Clean Hub System

Dec 31, 2005



left: Exploded axon of rendered Clean Hub unit showing the rain-collecting roof, body made from polycarbonate panels, adjustable feet for uneven terrain, and water reservior beneath

center: Rendering of the Clean Hub in a disaster settlement

right: Rendering showing the unit deployed over uneven ground, with the water reservoir tapped into a river. All images Shelter Architecture

LocationMinneapolis, Minnesota, USA
OrganizationArchitecture for Humanity–Minnesota
Design FirmShelter Architecture
ConceptJohn Gavin Dwyer
Estimated Cost$15,000
Area180 sq. ft./17 sq. m
Websitewww.afh-mn.org, www.shelterarchitecture.com

Clean Hub is a compact, manufactured structure that provides sustainable electricity, clean water, toilets, and bathing facilities. Based on a concept by John Dwyer, principal of Shelter Architecture and co-founder of Architecture for Humanity–Minnesota, the structure is self-contained, self-reliant, and intended to serve up to several hundred people for 30 years or more.

The structure’s components include a roof of light-gauge metal for rain collection and 16 photovoltaic panels producing up to 2,640 watts for solar collection. The shell is constructed of polycarbonate panels, and the foundation is set on piers to accommodate uneven ground.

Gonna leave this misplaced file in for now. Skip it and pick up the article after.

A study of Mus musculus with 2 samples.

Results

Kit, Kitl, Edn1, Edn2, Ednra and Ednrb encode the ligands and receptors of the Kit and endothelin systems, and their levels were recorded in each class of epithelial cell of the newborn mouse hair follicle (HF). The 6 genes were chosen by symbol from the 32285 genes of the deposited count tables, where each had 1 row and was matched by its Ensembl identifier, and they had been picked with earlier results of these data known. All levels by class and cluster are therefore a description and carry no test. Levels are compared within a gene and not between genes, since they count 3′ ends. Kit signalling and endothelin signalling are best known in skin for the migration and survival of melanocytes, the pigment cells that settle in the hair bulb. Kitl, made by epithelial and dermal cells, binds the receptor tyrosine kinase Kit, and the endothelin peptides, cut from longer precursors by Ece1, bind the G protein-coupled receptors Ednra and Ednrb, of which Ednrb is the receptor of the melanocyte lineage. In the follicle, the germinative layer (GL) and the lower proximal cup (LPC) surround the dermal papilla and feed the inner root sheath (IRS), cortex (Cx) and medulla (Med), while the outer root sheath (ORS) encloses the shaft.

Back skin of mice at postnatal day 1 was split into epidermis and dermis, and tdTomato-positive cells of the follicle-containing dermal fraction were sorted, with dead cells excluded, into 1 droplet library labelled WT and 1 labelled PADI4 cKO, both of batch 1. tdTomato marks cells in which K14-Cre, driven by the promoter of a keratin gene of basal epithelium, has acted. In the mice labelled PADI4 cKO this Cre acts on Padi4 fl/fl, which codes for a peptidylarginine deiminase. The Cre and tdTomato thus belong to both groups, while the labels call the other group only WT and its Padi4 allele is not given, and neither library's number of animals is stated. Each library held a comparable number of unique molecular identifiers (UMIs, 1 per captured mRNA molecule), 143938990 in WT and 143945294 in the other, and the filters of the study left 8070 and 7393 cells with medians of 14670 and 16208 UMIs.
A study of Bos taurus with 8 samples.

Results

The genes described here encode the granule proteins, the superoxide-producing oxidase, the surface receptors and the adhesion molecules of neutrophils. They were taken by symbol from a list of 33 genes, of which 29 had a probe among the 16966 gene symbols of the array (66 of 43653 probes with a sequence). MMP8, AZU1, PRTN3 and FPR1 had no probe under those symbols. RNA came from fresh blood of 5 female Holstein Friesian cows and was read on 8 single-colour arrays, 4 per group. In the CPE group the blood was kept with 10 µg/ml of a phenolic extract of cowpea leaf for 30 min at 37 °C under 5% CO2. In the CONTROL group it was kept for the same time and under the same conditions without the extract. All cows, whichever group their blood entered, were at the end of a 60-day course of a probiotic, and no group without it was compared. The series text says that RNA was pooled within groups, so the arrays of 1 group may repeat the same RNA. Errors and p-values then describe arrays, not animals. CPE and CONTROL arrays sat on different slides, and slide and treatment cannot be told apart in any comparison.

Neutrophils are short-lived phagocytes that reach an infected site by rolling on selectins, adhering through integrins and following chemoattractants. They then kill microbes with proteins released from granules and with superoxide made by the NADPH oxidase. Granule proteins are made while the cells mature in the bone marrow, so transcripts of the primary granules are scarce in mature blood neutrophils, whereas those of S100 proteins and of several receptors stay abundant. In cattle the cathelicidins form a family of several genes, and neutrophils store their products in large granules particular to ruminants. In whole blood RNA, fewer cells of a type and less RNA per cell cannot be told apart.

A reverse-osmosis water system is located in the mechanical space and pumps water from a reservoir stored beneath the shell and below grade to regulate the water’s temperature to the showers and sinks. The reservoir can be tapped into an existing water source or fed water and is designed to handle contaminated water or seawater. The current design can produce about 3,500 gallons (13,000 L) of clean water a day with a continuous water source. The showers and sinks return gray water to the reservoir for reuse, and the toilets are waterless and self-composting.

Architecture for Humanity–Minnesota is currently working to develop a prototype of the design. Although it was intended as an all-purpose structure to fi t a wide range of situations, Dwyer says that “given its ability to weave into dense urban fabric, we believe its most effective application is for urban slum upgrading and disaster recovery and rebuilding.”